The Pew Internet and American Life Project released its latest report today documenting how different generations use the Internet, and most of the findings won’t come as a surprise. Across generations and almost across the board, we’re spending more time engaged in online activities, as watching videos, listening to music, and reading the news, for example, become inceasingly popular. The one notable exception: a decline in blogging among teens, with only half as many blogging today as did in 2006.
Blogging also declined slightly among adults aged 18-33. Its popularity did increase among older generations, and as a result the result for adult blogging overall went up, from 11% in late 2008 to 14% this year. “Yet while the act formally known as blogging seems to have peaked,” reads the report, “Internet users are doing blog-like things in other online spaces as they post updates about their lives, musings about the world, jokes, and links on social networking sites and micro-blogging sites such as Twitter.”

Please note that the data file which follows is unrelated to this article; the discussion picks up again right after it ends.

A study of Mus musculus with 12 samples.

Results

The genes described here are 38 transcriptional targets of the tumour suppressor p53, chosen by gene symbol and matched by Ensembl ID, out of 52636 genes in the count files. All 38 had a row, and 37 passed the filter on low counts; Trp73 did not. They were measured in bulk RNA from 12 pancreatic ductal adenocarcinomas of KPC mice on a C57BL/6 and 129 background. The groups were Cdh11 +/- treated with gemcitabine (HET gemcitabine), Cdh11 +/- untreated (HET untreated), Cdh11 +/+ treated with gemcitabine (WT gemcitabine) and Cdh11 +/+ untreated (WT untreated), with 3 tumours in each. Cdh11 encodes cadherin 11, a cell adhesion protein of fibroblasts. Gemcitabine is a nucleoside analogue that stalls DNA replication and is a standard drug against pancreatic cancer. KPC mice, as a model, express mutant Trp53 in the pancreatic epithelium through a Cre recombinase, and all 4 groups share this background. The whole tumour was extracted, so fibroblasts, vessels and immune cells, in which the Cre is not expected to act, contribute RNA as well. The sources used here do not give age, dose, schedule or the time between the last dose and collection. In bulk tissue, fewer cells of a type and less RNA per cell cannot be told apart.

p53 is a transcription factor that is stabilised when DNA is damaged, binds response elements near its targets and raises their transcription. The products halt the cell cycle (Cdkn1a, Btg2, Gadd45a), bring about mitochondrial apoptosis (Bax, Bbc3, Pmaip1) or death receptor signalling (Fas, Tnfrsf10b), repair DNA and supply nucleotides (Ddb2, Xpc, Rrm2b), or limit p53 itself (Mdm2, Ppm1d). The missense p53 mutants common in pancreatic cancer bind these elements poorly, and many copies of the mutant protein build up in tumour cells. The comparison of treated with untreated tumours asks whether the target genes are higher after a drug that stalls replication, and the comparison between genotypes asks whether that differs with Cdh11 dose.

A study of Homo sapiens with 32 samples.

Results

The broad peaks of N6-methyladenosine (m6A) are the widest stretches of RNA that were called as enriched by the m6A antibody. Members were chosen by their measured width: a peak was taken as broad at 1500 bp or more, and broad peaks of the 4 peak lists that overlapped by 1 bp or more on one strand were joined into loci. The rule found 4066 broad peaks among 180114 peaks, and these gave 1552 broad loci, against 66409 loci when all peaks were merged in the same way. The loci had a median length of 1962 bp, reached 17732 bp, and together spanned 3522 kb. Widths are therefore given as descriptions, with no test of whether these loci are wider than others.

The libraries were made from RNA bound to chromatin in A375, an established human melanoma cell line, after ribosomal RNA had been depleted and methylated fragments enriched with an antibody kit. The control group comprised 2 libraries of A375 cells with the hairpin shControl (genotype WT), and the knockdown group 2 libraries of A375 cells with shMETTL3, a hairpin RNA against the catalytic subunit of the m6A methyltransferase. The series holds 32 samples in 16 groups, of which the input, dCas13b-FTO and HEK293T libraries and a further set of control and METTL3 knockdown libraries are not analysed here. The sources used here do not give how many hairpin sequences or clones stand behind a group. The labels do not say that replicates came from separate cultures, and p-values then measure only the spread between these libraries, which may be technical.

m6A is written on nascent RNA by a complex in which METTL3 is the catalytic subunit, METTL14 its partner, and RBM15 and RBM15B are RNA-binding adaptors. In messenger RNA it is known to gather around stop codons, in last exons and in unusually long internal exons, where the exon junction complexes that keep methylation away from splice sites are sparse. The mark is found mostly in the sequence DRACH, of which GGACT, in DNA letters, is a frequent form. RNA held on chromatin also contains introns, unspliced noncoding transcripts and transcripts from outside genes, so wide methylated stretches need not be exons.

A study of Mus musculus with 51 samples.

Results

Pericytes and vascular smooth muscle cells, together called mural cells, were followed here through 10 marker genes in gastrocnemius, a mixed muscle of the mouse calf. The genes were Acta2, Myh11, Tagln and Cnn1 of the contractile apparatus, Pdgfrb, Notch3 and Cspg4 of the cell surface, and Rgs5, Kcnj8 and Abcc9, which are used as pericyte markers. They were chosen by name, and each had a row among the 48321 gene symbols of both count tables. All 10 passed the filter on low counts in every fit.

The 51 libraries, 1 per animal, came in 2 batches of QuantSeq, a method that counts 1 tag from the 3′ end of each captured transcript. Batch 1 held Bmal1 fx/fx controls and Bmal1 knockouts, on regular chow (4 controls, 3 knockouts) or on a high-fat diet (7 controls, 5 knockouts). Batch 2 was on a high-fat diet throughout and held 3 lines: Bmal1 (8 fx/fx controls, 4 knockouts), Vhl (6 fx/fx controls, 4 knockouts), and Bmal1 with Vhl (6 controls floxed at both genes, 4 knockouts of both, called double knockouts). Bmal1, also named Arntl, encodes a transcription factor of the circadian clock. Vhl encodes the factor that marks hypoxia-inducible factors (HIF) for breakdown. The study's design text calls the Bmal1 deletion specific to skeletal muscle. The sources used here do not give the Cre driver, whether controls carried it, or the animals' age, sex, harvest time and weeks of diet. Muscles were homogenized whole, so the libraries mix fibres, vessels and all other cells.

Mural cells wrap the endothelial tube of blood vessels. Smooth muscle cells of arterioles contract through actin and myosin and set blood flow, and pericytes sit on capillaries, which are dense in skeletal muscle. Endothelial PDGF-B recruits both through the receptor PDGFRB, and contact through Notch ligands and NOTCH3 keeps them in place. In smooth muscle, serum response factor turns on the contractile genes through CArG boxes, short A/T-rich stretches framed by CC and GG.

Wired’s Ryan Singel has a great analysis on whether or not we’ve reached “peak blogging.” Singel points out that blogging has long been hard to define, “other than from a simple technical perspective: Any web publication that publishes information easily in reverse chronological order is a blog.” But the “spirit” of blogging, one that encourages everyone to express themselves online, lives on in a variety of other ways – “blog-like things,” as the Pew report describes.
I can’t help but think of Mark Zuckerberg’s introductory remarks at Facebook’s recent messaging announcement, in which he described high-school age students’ response to email: it’s too formal, it’s too slow. Does blogging suffer from the same stigma in their eyes?
Interestingly, Millennials rank “reading blogs” higher than any other age groups. All ages, in fact, ranked reading blogs above blogging. So I guess it’s just incumbent upon some of us to keep writing, if not blogs then “blog-like things.”